Irelands Ancient East
Ireland’s Ancient East offers a personal experience of 5,000 years of Europe’s history.
Your journey of discovery in this relaxing, off the beaten track, lush beautiful landscape, that attracted warring settlers for millennia, will be made illuminating by stories from the best storytellers in the world.
History of The K Club
The origins of Staffan House go back to the year 550 A.D. After the Anglo – Norman invasion of Ireland, Straffan was granted by Strongbow to Maurice Fitzgerald, whose eldest son passed it to his younger brother Gerald, an ancestor of the Duke of Leinster. Richard the Lionheart’s brother, who later became King John of England and signed the Magna Carta in 1215, subsequently confirmed this grant.
Prominent titled families help ownership of the property and by the 16th Century it was in the hands of the de Penkiston family. They paid dearly, however, for their part in a rebellion and forfeited the lands. The Lands were disposed of the Gayden family in the early 17th Century and in Cromwellion times, were forfeited again and granted to Thomas Bewley. The Gaydon family, declared innocent of the charges by which the property was seized from them, were eventually granted back the 700 acres which they later sold to Richard Talbot in 1679 for the sum of £700.
In 1831 Hugh Barton, grandson of Thomas Barton, purchased the property, from Buttervant in Co. Cork, who had extensive vineyards in France. Hugh Barton, forced out of France during the infamous Reign of Terror, ploughed his fortune into Straffan House and other lands in Ireland. Barton started building a new grand house for his family in 1832, which forms the basis of the present day hotel. While under construction, the Barton’s lived at nearby Barberstown Castle.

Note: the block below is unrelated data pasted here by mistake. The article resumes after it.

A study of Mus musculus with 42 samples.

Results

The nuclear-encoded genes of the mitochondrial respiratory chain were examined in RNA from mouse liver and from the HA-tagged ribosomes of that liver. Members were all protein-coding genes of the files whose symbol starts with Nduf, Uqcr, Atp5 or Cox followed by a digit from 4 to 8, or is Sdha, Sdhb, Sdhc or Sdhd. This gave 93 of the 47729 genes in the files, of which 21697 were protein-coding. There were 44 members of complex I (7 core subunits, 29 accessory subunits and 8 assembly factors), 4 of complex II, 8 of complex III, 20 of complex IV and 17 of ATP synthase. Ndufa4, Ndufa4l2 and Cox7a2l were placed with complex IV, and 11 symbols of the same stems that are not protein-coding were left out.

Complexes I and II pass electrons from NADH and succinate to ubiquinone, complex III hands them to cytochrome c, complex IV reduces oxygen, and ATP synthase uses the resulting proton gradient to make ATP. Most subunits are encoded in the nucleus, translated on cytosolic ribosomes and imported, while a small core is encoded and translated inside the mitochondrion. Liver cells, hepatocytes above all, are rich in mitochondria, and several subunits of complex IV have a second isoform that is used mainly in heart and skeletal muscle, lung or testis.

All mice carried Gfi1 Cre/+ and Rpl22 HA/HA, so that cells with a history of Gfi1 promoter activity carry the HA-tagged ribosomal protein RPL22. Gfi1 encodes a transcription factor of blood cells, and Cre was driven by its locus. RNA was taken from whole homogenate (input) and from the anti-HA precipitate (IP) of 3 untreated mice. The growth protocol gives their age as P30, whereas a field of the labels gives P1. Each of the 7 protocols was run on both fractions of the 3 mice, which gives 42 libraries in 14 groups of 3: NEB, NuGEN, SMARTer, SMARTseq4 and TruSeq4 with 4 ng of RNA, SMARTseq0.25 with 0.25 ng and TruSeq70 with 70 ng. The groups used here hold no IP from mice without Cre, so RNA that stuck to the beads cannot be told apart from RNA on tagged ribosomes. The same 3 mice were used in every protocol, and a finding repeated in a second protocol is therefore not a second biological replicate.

The design of the new house, which is now the east wing of the hotel, was based on that of a great chateau at Louveciennes, to the west of France. For Hugh Barton and his wife Ann, Straffan became a haven of peace and contentment after the turmoil’s of France. Long after the house was built, Hugh Barton added a final touch, the Italian style companile tower, still there today. Hugh Barton died on May 25th 1854 aged eighty nine and is buried in the nearby church of Ireland graveyard in Straffan, where his wife is buried. The house remained in the Barton family until 1949 since which time has had five owners including Steven O Flaherty, Kevin Mc Clory, an Iranian General, Patrick Gallagher and the Ferguson family. The Jefferson Smurfit Group then purchased it in 1988
In 1991 The K Club Opens as Ireland’s first AA five Red Star hotels with 36 bedrooms and one Arnold Palmer designed golf course also this year The K Club held its First European Open which continued until 2007. In 2003 The Palmer Smurfit Course designed by Arnold Palmer was created.